It was a quiet Tuesday evening at the back of the School Board and Central Office Annex.
In less than two hours, Williamsburg-James City County Schools’ board members wrapped up discussion on a half-dozen topics with few questions asked. Votes on the night’s items — increasing school meal prices, awarding a bid for Lafayette High School’s auxiliary gym — are expected to be on the June 20 agenda.
HBA Architects won the contract to design Lafayette High School’s much-anticipated auxiliary gym little more than a year ago. In two weeks, the School Board will decide who they want to build it.
The division’s senior director of operations Marcellus Snipes gave an overview of the free-standing gym, which will be 10,900 square feet and connected to the main school building by a canopy.
Bids for the project’s $3 million price tag were due May 30 and detailed vendor information will be available before the board’s vote, but were not available Tuesday night.
Half of that $3 million comes from the fiscal year 2017 capital improvement plan and year-end funds from fiscal year 2016, and the rest are supplied by Williamsburg and James City County, the division’s chief financial officer Christina Berta said.
The board is expected to vote to award the contract at their June 20 meeting.
Each year, the division applies for grants from the federal government to support educational efforts aimed at low-income students. Title I, II, and III grant applications are due to the Virginia Department of Education by July 1 and must be approved by the school board before then.
The K-12 grant program provides resources including staff positions aimed at bolstering disadvantaged students.
The division’s applications total $1.7 million for fiscal year 2018, about $100,000 more than last year, according to school board documents. The totals are derived from federal formulas based on numbers of low-income students in each school, among other factors, director of accountability Scott Thorpe said.
Seven of W-JCC’s nine elementary schools are eligible for some Title I funding.
Board chairwoman Kyra Cook asked Thorpe if the division expects grant funding to decrease in the future, with potential funding cuts to the U.S. Department of Education. President Donald Trump’s full education budget released last month calls for a 13.5 percent decrease in education spending. Congress is responsible for passing a final budget.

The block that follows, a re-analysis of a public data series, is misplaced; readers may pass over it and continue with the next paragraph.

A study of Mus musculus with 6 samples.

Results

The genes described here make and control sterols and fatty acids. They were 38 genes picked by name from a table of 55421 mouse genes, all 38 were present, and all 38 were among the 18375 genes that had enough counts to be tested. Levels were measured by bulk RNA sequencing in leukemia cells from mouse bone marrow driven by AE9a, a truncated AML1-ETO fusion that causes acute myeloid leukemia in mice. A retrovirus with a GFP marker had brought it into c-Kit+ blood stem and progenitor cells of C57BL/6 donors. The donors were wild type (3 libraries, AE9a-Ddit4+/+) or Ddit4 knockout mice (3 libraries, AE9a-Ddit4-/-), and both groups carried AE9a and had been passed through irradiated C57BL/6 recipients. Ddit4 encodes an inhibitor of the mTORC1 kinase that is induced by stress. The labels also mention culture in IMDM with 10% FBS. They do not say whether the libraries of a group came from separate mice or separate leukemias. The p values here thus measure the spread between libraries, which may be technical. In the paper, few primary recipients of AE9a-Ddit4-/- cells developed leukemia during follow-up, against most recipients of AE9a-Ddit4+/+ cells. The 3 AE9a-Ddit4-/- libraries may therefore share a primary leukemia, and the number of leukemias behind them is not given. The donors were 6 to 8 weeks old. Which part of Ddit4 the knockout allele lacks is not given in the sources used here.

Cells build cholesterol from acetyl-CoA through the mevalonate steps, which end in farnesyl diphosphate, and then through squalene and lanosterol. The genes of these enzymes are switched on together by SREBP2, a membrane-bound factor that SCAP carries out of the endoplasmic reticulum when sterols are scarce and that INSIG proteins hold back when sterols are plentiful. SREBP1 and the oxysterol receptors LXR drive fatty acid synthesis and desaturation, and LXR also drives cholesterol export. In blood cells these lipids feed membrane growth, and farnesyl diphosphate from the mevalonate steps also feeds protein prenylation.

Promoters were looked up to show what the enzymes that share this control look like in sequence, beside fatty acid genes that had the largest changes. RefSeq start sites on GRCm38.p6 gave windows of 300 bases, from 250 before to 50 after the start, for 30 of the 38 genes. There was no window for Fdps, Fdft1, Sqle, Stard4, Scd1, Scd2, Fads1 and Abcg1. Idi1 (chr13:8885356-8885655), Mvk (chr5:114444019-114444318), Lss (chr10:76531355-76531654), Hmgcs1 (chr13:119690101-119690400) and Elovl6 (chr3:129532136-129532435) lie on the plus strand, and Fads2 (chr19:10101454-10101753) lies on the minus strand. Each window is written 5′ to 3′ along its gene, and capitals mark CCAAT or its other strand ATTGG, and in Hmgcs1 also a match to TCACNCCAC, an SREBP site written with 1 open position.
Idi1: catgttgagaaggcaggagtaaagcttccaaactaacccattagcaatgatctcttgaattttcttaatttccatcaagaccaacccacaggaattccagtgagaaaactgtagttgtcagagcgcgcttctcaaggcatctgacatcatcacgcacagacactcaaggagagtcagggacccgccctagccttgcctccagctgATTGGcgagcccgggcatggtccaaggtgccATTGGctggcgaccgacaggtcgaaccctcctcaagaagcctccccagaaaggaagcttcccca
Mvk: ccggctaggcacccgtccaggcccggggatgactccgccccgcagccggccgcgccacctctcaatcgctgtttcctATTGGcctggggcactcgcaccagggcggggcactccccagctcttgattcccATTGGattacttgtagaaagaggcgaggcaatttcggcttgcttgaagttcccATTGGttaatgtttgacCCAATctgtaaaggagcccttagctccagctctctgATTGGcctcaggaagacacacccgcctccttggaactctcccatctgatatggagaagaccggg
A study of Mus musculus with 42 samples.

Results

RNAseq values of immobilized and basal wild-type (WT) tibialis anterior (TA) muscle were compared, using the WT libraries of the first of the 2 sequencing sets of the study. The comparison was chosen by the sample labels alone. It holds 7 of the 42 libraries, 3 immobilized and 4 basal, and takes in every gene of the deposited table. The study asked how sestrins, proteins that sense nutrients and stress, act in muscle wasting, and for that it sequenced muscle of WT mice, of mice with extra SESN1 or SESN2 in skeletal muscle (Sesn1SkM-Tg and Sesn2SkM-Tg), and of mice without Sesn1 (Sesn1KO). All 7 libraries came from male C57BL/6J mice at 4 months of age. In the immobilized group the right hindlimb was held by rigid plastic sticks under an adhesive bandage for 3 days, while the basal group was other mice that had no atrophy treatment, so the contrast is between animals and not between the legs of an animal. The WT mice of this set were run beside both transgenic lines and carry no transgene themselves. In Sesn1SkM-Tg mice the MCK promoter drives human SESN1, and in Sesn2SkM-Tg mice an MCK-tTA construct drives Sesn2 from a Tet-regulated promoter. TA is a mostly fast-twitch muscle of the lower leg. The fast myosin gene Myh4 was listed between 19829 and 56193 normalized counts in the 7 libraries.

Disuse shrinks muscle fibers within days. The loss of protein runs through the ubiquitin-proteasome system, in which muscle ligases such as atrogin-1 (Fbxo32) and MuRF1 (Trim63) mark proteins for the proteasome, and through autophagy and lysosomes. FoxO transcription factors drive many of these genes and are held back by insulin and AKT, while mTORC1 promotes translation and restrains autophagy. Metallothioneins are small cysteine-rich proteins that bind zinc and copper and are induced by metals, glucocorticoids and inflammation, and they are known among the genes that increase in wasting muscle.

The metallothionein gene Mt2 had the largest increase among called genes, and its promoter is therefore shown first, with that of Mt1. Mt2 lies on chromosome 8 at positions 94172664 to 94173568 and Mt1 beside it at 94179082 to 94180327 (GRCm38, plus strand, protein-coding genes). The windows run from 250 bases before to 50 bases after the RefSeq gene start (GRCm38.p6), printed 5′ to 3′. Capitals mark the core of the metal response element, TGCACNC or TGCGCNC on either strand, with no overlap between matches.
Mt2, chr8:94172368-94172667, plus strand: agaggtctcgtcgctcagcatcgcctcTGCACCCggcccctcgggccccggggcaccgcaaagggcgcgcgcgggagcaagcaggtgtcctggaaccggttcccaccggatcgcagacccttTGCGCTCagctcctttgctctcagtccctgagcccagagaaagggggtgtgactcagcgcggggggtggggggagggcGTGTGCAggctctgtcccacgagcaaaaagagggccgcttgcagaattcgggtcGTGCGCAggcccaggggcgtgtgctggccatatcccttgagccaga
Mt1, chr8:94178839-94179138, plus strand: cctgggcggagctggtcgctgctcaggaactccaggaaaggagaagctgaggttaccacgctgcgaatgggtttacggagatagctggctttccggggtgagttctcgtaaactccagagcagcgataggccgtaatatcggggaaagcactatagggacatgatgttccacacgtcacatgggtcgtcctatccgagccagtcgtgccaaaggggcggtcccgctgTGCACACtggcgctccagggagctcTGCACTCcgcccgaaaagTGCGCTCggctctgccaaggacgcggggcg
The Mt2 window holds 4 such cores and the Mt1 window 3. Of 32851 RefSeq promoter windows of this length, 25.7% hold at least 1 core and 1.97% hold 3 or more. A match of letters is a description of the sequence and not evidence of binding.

“We can’t speculate on that, the guidance we received from the state department is to apply for the grants as normal,” Thorpe said.
He said if the grant program is cut, the division will evaluate schools’ programs and try to provide as much as possible with any funds they get.
The board also has to approve each high school’s membership renewal to the Virginia High School League, which includes sports and activities like debate and scholastic bowl.
This year fees are $800 per school with $35 extra per varsity activity — a $5 increase over last year. The league also requires catastrophe insurance, according to School Board documents.
Fees for each school are taken from their operating budgets. Lafayette’s fees total $4,300, Jamestown’s fees are $5,300 and Warhill’s are $4,000.
Lafayette and Warhill will be keeping the same activities, while Jamestown will have four fewer. Debate, film festival, student publications and girls golf were left off of this year's application.
Debate and film festival were due to a lack of interest, school spokeswoman Betsy Overkamp-Smith said. Yearbook, part of student publications, will continue separate from VHSL and girls compete with boys golf, she said.
School Meal Price
Prices for breakfast and lunch may change next year.
A 10 cent lunch price increase and 5 cent breakfast price increase is up for debate Tuesday night. The federal Healthy, Hunger-Free Kids Act of 2010 reimburses schools for meals — both for students who are deemed to be able to pay and those on free and reduced-price lunch.
The law requires school lunch prices to be more than the difference in reimbursement rates — 38 cents for paid lunches and $3.24 for free ones, according to board documents. The division’s lunch prices — $2.60 for elementary, $2.70 for middle and $2.85 for high schools — are less than that $2.86 difference.
The increase would bring breakfast prices to $1.35 for elementary, $1.45 for middle and $1.55 for high schools.
Breakfast prices don’t have the same balancing rule as lunch prices do; those prices are increasing because costs have been rising. Supervisor of Child Nutrition Services Jane Haley said this is the second year in a row breakfast prices have risen.
Before then, they had remained stagnant since 2008. She said in the meantime, food and labor costs have increased, so prices needed to follow suit.
“We have a delicate balance there to cover our costs as well as make our meals affordable,” board member Jim Kelly said. “I know that’s a very complicated formula and situation to deal with.”
Kelly clarified that the division doesn’t make money off of the meals, prices reflect operating costs.
The board is expected to vote on the proposed change at its June 20 regular meeting.
Williams can be reached by phone at 757-345-2341.